Both Angie and Gabriela responded to my last post about eliminating worksheets. And I owe them a response, so here it is.
Gabriela, I really appreciate your comments. I have changed a little what I want them to do, so there will be lots of sharing before the end. And as soon as I read your comments about the grammar, that all came together for me, too. I still have some work to do, but it is nearly finished. Thanks for your encouragement.
As to why we use worksheets in the program I teach in... I am not sure. But it is easy for the people who buy into it. I know that there was no money in the beginning, and I think they were doing the best they could, but it is not at all in keeping with any kind of current thought about ESL teaching that I am aware of. We had a meeting about the curriculum last week, and there was a lot of discontent when the director said we were going to choose a textbook series and use it next year. Change is difficult for a lot of us.
Angie, you raise some great points. There is so little time and so much to do that worksheets are a big help. But most workshets don't require students to think or to really make much effort at all. They don't promote skills that extend beyond the worksheet. They don't, really, promote learning.
This is where I struggle with the concept of worksheets, though. Students need practice. Worksheets have traditionally provided that practice. If I want students to practice using a particular verb tense, for example, it would be easy to have them complete worksheets where they fill in the correct form of the verb. If I don't do that, are they getting enough practice? I am not sure. But I know that no matter how many worksheets I give them to complete, they aren't going to be able to use the correct verb in free speech or writing. So the practice doesn't guarantee they will be able to produce the form in real life.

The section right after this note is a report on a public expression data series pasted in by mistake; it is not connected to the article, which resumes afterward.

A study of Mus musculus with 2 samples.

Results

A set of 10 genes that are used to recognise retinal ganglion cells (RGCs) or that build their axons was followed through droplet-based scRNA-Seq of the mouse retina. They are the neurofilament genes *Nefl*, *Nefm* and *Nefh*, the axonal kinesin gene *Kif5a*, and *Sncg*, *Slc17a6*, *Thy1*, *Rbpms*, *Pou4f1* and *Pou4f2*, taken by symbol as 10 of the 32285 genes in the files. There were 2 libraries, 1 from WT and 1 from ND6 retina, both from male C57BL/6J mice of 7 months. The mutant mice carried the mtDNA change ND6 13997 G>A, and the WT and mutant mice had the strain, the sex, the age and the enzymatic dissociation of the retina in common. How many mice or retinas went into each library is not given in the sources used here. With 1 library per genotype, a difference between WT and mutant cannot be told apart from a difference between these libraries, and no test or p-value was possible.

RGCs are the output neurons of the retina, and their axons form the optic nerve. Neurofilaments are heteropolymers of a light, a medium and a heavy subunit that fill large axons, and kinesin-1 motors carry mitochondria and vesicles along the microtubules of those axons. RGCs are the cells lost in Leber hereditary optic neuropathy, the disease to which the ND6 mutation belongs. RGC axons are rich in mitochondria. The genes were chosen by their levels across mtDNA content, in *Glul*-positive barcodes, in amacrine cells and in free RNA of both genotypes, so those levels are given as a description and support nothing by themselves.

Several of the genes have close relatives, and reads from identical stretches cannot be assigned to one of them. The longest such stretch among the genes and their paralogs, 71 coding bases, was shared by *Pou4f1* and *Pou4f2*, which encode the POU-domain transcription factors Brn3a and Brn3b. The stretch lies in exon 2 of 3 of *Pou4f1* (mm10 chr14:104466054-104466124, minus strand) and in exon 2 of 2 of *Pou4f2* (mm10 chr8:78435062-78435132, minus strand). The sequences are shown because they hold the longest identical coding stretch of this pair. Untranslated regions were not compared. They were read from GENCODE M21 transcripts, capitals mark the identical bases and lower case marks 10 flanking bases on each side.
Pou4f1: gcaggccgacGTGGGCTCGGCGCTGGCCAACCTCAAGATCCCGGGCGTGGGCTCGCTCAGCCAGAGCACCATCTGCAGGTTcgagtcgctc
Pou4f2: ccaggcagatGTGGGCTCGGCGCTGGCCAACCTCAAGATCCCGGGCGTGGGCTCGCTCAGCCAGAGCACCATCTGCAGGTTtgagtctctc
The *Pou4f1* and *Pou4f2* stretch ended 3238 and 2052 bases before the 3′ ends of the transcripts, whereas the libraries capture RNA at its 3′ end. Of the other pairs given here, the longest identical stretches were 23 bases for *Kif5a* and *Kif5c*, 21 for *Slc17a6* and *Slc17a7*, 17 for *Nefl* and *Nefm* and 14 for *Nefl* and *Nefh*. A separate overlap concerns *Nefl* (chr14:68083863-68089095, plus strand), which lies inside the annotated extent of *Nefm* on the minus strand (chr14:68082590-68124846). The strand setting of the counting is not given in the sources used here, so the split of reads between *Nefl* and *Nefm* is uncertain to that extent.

I try to give my students a lot of practice with whatever we are learning. We talk a lot in class and they have to write fairly regularly. It isn't as much practice as they could get from a worksheet, but I think it is higher quality practice. It has more carryover to real life, I think. I hope.
One thing I need to make clear is that I am not trying to judge anyone here. We all do what seems best to us at a particular time. Have I used worksheets? Sure! Will I use them again? Probably.
What this is about for me is reflective practice. The worksheets I was using weren't ones I had invested in at all; they were given to me to use. In an attempt to make these classes my own, I have moved away from those worksheets. In an attempt to make the class more meaningful for my students and more cohesive, I have moved away from them. But if there comes a time when I think my students need a quick review of something or if there seems to be some other reason to use worksheets, I will most likely use them on a limited basis. But they will be reintroduced to my classes after reflection. That makes all the difference, I think.